After nearly five centuries of printing journals and books, Cambridge University Press has announced plans to invite authors to share early outputs as they move through their research projects.
“Informed by feedback from hundreds of researchers, the first titles under the Research Directions banner will launch in 2022, with an initial set of questions and a publishing model that mirrors the research lifecycle, with results, analysis and impact reviews all published as separate, Open Access, peer-reviewed and citable outputs on the Press’s Cambridge Core platform,” according to an announcement last fall.
“Who can we bring together to solve those complex problems? – Bringing together people that wouldn’t normally work together, trying to learn from each other, and trying to get towards the outcome that they all want to get to, but have been limited by either being in silos or within disciplines.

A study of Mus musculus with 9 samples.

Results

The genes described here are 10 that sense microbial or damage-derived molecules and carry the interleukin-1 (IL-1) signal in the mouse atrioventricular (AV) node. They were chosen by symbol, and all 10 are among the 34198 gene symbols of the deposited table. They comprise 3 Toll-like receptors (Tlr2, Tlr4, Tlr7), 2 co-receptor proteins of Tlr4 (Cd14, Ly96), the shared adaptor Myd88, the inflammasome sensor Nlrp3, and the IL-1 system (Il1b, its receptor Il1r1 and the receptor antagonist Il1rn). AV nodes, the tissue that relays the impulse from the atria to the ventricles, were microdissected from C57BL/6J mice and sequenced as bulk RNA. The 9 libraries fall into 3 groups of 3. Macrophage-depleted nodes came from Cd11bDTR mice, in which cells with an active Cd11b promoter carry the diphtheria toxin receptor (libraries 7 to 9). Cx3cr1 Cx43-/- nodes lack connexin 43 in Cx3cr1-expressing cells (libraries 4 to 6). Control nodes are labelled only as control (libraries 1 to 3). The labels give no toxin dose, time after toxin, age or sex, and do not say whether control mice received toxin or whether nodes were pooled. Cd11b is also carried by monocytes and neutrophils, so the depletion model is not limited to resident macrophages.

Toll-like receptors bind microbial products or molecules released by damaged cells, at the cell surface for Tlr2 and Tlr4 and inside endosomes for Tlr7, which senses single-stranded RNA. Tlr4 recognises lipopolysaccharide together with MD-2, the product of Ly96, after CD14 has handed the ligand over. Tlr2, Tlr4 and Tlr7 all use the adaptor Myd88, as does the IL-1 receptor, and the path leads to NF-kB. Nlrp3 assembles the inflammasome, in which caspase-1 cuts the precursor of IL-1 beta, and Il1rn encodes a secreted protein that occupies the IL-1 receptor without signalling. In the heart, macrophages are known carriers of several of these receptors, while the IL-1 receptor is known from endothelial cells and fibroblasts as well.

“We don’t want to just talk about open research,” Hutton tells me. “If we develop and evolve what journal publishing is, and we develop it in a way that is needed by researchers in particular fields, obviously those researchers will want to publish in the journal, and we will be able to essentially have a business model that works for a research community.”
As CUP’s head of user experience, Rubem Barbosa-Hughes envisions the effort will increase the visibility and transparency of research as well as the diversity of researchers.
“It brings up contributions that otherwise would have been buried into the traditional journal publication model,” Barbosa-Hughes says. ‘You might have a dataset or another piece of info that fueled the output in the journal which wouldn’t get the same visibility in isolation.”